Starting its exhibition life at Pour l’Amour du Fil in Nantes, France and now in Canberra, this textile art project is rich in history and colour.

This art project has been initiated by renowned Australian textile designer and our special guest artist at the Canberra fair, Dijanne Cevaal, with additional contributions from textile artists from around Australia.

With techniques showcased including embroidery, linocut, hand dyeing, stitching, layering, quilting and embellishing, this textile display will stand the test of time. Each piece has been hand printed, and is particularly beautiful in the cloth.

The linocut designs for this project have been inspired by the medieval period in France known for its rich tapestries and embroideries, in particular the figures on the Royal Portal at Chartres Cathedral and the lady and the Unicorn tapestry in the Cluny Musee in Paris. The Medieval Project radiates colour and inspiration from this important part of history.

Don’t miss Dijanne demonstrating various textile art techniques including linocut printing on fabric. She will also discuss the Medieval Project and the inspiration behind the images featured in a daily floor talk at 12.30pm.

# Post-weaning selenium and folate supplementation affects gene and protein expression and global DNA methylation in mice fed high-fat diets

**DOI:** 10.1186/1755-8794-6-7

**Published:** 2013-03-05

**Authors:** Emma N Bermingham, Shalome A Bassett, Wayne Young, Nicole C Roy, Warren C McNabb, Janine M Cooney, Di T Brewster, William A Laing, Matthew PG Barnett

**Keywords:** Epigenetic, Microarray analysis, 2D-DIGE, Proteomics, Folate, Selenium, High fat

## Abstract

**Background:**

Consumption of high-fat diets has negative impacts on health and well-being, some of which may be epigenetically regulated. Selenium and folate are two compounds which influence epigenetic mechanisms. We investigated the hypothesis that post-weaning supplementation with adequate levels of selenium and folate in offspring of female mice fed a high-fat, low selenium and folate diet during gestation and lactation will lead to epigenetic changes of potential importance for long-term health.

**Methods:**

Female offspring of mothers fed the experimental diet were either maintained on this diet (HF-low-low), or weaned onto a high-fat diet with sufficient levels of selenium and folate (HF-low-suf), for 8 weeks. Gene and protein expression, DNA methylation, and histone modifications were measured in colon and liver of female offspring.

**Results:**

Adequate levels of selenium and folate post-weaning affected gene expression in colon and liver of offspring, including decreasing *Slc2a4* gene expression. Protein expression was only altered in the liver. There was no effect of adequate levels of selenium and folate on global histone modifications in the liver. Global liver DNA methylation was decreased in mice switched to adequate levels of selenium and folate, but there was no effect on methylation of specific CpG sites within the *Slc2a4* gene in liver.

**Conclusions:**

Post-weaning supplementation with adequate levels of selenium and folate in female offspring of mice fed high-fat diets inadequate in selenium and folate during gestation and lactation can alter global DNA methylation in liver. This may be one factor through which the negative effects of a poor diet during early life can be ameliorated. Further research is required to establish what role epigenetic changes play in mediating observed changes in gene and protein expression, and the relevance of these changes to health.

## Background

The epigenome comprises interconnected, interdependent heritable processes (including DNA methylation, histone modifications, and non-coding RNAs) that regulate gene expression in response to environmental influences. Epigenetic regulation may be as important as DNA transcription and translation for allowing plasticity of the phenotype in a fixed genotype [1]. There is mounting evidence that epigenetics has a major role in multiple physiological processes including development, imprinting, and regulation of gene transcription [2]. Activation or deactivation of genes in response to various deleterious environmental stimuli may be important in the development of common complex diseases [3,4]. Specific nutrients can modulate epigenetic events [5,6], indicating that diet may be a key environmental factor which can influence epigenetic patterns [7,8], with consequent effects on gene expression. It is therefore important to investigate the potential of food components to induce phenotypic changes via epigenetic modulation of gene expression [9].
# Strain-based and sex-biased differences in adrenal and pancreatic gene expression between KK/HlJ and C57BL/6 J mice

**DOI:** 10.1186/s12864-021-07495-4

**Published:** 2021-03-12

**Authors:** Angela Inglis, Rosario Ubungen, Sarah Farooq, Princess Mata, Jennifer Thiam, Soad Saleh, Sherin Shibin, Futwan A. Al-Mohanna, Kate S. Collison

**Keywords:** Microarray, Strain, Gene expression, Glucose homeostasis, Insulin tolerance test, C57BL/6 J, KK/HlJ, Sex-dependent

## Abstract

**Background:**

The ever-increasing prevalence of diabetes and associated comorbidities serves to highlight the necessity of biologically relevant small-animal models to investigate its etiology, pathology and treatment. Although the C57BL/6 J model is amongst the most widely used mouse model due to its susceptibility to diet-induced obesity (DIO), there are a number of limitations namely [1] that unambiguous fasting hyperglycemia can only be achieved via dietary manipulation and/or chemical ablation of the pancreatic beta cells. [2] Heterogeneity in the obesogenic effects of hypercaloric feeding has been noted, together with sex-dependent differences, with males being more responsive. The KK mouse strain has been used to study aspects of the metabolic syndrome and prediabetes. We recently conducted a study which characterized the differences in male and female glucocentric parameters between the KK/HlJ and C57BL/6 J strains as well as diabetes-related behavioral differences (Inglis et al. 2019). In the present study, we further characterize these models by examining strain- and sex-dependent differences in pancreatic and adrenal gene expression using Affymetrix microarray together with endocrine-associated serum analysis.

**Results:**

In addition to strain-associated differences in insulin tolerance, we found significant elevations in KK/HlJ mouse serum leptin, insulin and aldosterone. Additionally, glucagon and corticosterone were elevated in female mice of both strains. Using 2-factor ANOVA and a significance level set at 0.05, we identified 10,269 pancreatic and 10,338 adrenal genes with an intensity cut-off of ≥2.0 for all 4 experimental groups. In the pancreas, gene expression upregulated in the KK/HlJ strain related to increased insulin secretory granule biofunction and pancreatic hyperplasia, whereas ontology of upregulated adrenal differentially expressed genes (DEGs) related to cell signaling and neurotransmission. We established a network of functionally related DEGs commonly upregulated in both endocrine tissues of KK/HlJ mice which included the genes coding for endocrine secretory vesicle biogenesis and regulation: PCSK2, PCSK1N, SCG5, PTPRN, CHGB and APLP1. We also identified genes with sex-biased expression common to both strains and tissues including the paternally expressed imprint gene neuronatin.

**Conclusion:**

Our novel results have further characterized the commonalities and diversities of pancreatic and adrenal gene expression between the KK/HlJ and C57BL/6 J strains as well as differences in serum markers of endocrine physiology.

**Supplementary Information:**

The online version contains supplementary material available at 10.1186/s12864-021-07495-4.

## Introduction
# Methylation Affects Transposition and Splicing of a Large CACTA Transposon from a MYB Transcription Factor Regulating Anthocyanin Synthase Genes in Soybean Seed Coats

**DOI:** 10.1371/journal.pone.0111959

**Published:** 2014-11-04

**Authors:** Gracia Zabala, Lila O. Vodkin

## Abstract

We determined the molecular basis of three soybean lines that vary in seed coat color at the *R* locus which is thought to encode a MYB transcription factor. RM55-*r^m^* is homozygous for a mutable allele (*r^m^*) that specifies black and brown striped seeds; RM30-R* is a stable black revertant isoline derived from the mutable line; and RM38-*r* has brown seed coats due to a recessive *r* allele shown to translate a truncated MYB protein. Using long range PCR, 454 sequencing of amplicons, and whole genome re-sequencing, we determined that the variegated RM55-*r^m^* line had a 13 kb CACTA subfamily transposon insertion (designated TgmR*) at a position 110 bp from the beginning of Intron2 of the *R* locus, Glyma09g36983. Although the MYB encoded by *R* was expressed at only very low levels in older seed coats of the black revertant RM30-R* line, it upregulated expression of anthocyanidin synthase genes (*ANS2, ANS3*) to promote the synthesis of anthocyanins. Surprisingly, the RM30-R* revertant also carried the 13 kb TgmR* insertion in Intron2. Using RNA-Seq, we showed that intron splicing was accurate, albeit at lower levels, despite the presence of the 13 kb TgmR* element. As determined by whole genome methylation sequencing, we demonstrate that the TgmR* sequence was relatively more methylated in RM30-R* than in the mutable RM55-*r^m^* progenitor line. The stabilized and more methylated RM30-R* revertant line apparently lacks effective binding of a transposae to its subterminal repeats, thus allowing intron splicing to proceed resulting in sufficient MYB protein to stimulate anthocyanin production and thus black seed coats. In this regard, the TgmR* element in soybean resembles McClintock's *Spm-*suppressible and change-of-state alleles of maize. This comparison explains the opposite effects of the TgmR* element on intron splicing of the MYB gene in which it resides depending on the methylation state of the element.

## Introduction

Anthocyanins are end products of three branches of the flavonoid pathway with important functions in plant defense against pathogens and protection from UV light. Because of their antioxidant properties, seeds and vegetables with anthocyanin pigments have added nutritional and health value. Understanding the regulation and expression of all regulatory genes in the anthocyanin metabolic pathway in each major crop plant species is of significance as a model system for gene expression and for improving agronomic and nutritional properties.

Dijanne Cevaal is a renowned Australian textile artist, teacher, author, and experienced curator and organiser of international exhibitions. These travelling exhibitions have showcased the work of Australian textile artists in Europe, the Middle East, South Africa, New Zealand and Australia.

Dijanne’s own work has also been exhibited around the world in both group and solo exhibitions. “I love to dye and print fabrics and assemble them into quilts with lots of stitching both by hand and machine . I also create my own linocuts for printing on fabric.”

There are four different linocuts with different patterns/images. The first trial print from a linocut is usually done on newspaper.

Dijanne creates four different linocuts for each project she initiates – each features different patterns/images to a theme. The first trial print from a linocut is usually done on newspaper.

The fabric print is then created. The new Aussie Bush series offers unlimited scope for embellishing – embroider, bead and more!

The fabric print is then created for people to use as a base for their own textile art piece. Dijanne’s new Aussie Bush series offers unlimited scope for embellishment – embroidery, beading and more!